CRITERION: Catch a falling Star?
For some years, sin stocks have been disavowed by institutional investors, if only so they can tick the box on their environmental, social and governance mandates.
This time they are under attack from their own, with pokies king Bruce Mathieson taking the board of Endeavour Group (ASX:EDV) to task over a long list of alleged – er – sins.
Endeavour houses Woolworths’ liquor retailing assets and the hotels within Australian Leisure and Hospitality (ALH Group), which operated as a joint venture between the grocer and Mathieson.
Endeavour demerged from Woolworths in June 2021.
Pokies are under perennial regulatory pressure that won’t abate any time soon – think of $100 cash limits and reduced trading hours – but the Mathieson camp’s cannons are aimed at the liquor side.
Accounting for 15 per cent of the stock, Mathieson cites a “confused” merchandising strategy, loss of market share and deteriorating profitability relative to its peers.
Amid heightening tensions last week, the board agreed to let shareholders vote on electing the group’s candidate, former Woolies CFO and supermarkets chief Bill Wavish, to the board.
The Mathieson camp now wants the October 31 pow-wow delayed, citing the company’s “chaotic and misleading” shareholder communications.
On the other side of the trenches, Endeavour chairman Peter Hearl also takes umbrage at the suggestion that management couldn’t organise a knees-up in a brewery.
He accuses the detractors of misleading commentary, which ignores the known regulatory headwinds facing the business.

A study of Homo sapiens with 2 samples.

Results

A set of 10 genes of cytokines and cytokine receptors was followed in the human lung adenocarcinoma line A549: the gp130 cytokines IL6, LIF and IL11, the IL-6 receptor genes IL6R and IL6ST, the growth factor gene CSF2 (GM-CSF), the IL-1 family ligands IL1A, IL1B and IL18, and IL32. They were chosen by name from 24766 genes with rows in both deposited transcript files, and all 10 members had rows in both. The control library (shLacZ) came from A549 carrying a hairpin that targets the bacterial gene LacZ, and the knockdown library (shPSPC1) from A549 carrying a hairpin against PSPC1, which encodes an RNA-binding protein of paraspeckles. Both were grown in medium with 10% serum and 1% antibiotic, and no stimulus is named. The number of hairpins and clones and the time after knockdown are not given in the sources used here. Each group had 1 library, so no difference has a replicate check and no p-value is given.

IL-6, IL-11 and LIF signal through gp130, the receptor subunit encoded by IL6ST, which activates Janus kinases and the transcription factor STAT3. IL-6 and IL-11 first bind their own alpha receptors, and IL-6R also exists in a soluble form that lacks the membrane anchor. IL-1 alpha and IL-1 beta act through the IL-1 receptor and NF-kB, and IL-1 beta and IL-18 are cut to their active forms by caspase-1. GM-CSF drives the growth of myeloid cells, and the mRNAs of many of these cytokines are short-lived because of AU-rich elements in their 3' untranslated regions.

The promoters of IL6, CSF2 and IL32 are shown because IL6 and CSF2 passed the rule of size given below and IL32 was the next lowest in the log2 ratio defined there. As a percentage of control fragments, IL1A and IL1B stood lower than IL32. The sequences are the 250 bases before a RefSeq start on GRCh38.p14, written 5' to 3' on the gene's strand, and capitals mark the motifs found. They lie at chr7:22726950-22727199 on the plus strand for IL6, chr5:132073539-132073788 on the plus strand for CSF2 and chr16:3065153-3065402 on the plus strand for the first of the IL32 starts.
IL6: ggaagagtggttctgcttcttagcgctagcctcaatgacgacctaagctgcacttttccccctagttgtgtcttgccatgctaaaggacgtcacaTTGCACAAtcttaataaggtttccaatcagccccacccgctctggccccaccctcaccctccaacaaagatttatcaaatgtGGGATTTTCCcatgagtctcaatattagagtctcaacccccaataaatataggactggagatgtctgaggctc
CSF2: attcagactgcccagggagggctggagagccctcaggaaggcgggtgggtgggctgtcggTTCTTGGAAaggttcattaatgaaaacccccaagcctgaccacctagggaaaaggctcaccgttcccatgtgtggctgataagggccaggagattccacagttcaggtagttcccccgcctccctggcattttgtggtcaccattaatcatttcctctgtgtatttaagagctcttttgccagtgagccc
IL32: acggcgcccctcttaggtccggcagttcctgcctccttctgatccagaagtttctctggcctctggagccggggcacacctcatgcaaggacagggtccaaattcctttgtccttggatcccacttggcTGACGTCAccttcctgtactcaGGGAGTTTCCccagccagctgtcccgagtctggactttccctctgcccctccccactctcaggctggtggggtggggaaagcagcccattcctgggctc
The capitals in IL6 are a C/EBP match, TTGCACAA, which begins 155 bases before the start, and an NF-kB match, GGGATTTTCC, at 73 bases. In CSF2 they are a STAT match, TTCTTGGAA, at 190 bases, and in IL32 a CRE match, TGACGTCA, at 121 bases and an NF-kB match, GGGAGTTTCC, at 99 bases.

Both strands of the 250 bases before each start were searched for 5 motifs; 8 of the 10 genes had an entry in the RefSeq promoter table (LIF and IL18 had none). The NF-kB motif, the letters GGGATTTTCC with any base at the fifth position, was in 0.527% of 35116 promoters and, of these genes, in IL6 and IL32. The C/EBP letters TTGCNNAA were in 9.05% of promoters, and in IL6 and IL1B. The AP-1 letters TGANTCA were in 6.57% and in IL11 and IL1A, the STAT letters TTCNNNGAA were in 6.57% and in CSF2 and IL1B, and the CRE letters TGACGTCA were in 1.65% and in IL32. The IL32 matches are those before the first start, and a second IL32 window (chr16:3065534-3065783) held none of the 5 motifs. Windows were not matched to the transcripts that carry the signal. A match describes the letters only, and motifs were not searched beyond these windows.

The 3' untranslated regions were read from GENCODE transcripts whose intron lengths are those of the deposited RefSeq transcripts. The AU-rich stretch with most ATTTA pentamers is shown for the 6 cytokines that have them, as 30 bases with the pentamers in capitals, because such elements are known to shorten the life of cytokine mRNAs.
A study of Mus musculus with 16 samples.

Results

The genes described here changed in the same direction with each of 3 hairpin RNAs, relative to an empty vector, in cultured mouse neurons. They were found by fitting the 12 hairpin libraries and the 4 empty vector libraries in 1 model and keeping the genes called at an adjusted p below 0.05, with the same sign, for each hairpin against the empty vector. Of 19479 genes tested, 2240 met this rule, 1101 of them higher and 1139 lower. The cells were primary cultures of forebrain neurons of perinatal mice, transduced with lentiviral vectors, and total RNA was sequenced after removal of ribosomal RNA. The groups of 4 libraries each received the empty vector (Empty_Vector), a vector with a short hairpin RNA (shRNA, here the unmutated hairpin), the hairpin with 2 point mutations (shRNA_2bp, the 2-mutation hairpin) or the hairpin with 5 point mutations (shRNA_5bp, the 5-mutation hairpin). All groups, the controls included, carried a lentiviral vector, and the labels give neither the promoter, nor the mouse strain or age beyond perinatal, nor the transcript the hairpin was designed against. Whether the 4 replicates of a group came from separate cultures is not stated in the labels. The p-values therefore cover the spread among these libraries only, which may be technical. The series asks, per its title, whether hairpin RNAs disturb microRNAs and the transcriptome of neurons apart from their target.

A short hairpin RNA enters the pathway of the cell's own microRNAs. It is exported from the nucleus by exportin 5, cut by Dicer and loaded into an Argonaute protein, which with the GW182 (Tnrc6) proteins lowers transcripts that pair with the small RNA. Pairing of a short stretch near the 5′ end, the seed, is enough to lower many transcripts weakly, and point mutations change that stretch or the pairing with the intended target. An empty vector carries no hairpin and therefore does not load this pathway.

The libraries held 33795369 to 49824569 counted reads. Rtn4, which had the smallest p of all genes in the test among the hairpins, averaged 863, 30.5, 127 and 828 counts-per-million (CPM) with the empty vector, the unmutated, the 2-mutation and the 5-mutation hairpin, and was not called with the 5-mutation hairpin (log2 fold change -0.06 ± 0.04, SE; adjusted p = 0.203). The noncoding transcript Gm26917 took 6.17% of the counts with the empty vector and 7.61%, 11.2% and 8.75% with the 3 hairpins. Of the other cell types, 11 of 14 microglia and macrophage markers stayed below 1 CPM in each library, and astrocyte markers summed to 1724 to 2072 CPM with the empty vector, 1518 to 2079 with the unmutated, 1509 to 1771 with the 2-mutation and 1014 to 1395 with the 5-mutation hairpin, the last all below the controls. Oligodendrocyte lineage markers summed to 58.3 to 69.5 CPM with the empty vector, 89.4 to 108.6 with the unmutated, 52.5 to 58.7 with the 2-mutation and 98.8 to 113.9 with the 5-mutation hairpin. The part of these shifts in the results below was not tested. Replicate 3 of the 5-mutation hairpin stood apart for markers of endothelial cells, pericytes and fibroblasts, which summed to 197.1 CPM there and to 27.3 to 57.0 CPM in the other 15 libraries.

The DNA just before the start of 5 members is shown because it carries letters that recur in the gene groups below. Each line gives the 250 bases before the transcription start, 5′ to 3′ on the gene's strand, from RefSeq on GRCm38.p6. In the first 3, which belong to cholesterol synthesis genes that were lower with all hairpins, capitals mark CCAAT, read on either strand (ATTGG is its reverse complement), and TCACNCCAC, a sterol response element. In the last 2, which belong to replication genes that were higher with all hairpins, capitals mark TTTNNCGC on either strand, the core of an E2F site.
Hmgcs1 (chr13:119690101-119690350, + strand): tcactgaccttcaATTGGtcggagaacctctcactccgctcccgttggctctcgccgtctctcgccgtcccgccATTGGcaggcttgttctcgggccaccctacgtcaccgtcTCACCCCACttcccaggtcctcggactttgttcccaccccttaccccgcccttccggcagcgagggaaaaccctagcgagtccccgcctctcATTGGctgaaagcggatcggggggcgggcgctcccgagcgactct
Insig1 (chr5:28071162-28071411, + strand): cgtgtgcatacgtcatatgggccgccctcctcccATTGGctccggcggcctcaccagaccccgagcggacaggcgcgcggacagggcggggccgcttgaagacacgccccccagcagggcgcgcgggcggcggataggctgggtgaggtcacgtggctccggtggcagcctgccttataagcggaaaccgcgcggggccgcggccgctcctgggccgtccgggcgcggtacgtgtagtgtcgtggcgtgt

So how bad has Endeavour’s performance really been?
Endeavour boosted revenue by 2.5 per cent in the 2022-’23 financial year, to $11.9 billion with earnings before interest and tax (EBIT) growing 10.7 per cent to $1.023 billion.
It was a tale of two divisions, with liquor sales declining 1.8 per cent to $9.9 billion, with EBIT shrinking 1.2 per cent to $658 million. Hotel divisional sales grew 31 per cent to $2 billion and EBIT soared $428 million. That was in the first uninterrupted year post-pandemic, so one could expect a decent bounce.
Compared to the pre-pandemic year of 2018-19, the EBIT of both divisions was up about 22 per cent. Given that, the performance would hardly seem the “disgrace” alleged by the Mathieson camp, but no doubt there is room for improvement.
As always, the ultimate arbiter is the share price: down some 13 per cent since listing and 36 per cent off its August 2022 high of $8.30.
Mathieson’s grumpiness might also be explained by his 10 per cent holder status of Star Entertainment Group (ASX:SGR), the result of him backing the stricken casino operator’s $800 million emergency raising back in February.
That raising was executed at $1.20 – a 21 per cent discount.
Now Star is in the throes of a surprise $750 million follow-on effort, also by way of a placement and rights issue struck at a lowly 60 cents (a 20 per cent discount).
Star is also replacing $668 million of short-due debt with a $450 million four-year package with kinder covenants.
Once bitten and twice shy, Mathieson reportedly declined the kind opportunity to participate again and avoid diluting his stake.
But if the view of Star-watching analysts is right, Star’s fortunes may well be at their nadir given the extent of balance sheet repair and improved trading conditions as inbound tourism picks up.
Star’s $1.6 billion valuation is supported by $1.7bn of property, a key variable being how much it could be whacked by Austrac over alleged money laundering transgressions.
Still, investors pondering whether to weigh in to the $185 million retail rights component, which closed yesterday, may have been wary of chasing their losses.
This story does not constitute financial product advice. You should consider obtaining independent advice before making any financial decisions.